Fianna Fáil TD for Sligo-Leitrim Eamon Scanlon says the Fine Gael government must demonstrate its commitment to rural Ireland by offering a new form of Public Service Obligation payment for post offices to ensure they remain economically viable.
Deputy Scanlon raised the issue in a Dáil debate this week.
“Communities across Donegal, Sligo, Leitrim and Roscommon do not want to lose their local post offices – that is the clear message coming from the many public meetings held across these counties, and indeed right across the country, calling for post office services to be retained”, said Deputy Scanlon.
“Hundreds of people have turned out for initial meetings regarding closures and hundreds more are signing petitions, with a continuous flow of letters being submitted to appeal the loss of services.
“These potential closures come in the wake of the loss of Garda stations, shops, banks and small schools, and for many is the last straw in this relentless Fine Gael attack on rural communities. There is no ATM in the majority of villages in my constituency, and the loss of post office services will further devastate the heart of these communities.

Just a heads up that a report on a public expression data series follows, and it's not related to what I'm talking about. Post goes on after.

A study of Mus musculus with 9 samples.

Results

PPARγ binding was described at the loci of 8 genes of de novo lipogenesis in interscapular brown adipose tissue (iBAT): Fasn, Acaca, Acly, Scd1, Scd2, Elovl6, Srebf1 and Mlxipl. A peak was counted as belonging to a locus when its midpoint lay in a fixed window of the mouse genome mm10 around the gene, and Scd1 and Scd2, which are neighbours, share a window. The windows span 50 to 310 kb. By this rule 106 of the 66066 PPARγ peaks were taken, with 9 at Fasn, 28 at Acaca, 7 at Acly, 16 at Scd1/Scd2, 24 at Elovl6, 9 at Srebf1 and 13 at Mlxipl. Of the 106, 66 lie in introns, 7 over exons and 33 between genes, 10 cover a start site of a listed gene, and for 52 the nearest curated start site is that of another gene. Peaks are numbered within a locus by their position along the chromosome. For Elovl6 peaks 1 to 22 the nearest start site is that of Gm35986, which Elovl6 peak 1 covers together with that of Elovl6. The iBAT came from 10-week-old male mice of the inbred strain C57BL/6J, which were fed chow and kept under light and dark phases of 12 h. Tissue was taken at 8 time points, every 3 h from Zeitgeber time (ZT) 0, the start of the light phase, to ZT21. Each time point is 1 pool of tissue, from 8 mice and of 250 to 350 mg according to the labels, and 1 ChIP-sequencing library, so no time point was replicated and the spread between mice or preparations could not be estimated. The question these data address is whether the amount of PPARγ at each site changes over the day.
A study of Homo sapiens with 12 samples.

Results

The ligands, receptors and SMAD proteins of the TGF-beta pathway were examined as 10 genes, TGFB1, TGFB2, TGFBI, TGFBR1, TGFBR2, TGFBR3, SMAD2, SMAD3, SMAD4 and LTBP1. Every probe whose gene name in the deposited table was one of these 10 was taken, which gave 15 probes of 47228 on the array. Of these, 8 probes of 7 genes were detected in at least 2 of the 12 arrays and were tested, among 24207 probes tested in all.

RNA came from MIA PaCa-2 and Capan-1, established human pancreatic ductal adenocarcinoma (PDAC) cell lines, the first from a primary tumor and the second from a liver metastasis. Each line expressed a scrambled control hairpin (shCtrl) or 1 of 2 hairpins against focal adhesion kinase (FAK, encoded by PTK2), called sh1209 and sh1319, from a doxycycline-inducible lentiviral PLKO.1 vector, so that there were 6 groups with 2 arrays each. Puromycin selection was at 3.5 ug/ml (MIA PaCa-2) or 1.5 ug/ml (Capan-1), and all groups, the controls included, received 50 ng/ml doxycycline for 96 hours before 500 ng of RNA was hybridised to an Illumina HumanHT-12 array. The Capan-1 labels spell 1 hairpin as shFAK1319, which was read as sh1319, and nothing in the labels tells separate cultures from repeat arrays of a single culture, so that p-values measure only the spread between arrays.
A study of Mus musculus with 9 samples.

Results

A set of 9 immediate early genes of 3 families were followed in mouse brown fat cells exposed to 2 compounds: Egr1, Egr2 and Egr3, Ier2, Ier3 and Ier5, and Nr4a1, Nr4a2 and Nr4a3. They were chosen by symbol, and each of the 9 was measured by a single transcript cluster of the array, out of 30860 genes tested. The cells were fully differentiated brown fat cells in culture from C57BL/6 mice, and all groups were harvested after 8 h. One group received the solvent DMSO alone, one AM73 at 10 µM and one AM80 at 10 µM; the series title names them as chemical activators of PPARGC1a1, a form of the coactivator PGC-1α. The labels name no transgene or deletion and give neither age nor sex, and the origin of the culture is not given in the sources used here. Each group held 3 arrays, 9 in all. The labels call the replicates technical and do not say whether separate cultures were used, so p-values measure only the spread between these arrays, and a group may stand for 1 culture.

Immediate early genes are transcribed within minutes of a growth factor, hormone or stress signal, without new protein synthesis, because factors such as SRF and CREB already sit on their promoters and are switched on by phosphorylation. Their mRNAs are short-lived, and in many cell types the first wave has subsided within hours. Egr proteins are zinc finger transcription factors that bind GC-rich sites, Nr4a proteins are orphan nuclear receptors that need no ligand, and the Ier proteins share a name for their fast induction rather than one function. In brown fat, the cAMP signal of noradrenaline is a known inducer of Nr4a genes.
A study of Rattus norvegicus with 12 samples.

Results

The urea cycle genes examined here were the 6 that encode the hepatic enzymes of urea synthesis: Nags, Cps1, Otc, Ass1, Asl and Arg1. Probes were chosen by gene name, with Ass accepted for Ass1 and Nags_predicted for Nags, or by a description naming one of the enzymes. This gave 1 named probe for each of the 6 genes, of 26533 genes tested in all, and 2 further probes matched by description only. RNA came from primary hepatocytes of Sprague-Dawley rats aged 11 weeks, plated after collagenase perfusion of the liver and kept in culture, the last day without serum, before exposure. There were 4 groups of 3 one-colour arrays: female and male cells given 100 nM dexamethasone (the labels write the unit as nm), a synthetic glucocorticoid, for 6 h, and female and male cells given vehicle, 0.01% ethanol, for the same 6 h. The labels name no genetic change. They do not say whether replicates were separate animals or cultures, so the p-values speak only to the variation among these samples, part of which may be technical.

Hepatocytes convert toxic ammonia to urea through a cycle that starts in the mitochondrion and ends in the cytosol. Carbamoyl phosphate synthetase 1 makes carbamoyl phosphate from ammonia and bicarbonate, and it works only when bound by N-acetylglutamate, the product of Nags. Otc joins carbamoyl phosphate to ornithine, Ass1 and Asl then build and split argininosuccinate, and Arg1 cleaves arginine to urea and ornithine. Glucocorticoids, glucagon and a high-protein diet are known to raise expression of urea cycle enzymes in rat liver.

“Post offices are important strategic state assets which play an invaluable role as the centre point of community and commercial activity in rural Ireland. There are many businesses that rely on the custom that post offices command – many people tend to shop in the town or village where they receive their payments – and these businesses could be put at risk if the post office is closed.
“Accessibility is also a huge concern – many older people may not be able to make the 15km journey to the nearest post office. People who are unemployed or have a disability and people living in areas where public transport is virtually non-existent will also find it incredibly difficult to access another post office.
“These proposed closures will downgrade already disadvantaged villages; it will lead to job losses, will damage local businesses and affect many members of the community.
“I support a new form of Public Service Obligation model, whereby post offices that are not commercially viable but which serve a community would be identified and provided with state funding, on the condition that they provide a range of state services to their communities.
“This would ensure that communities could continue to access state and community services, while also ensuring postmasters can earn a decent living. Unless Fine Gael adopts this policy, it is condemning rural Ireland to the past”.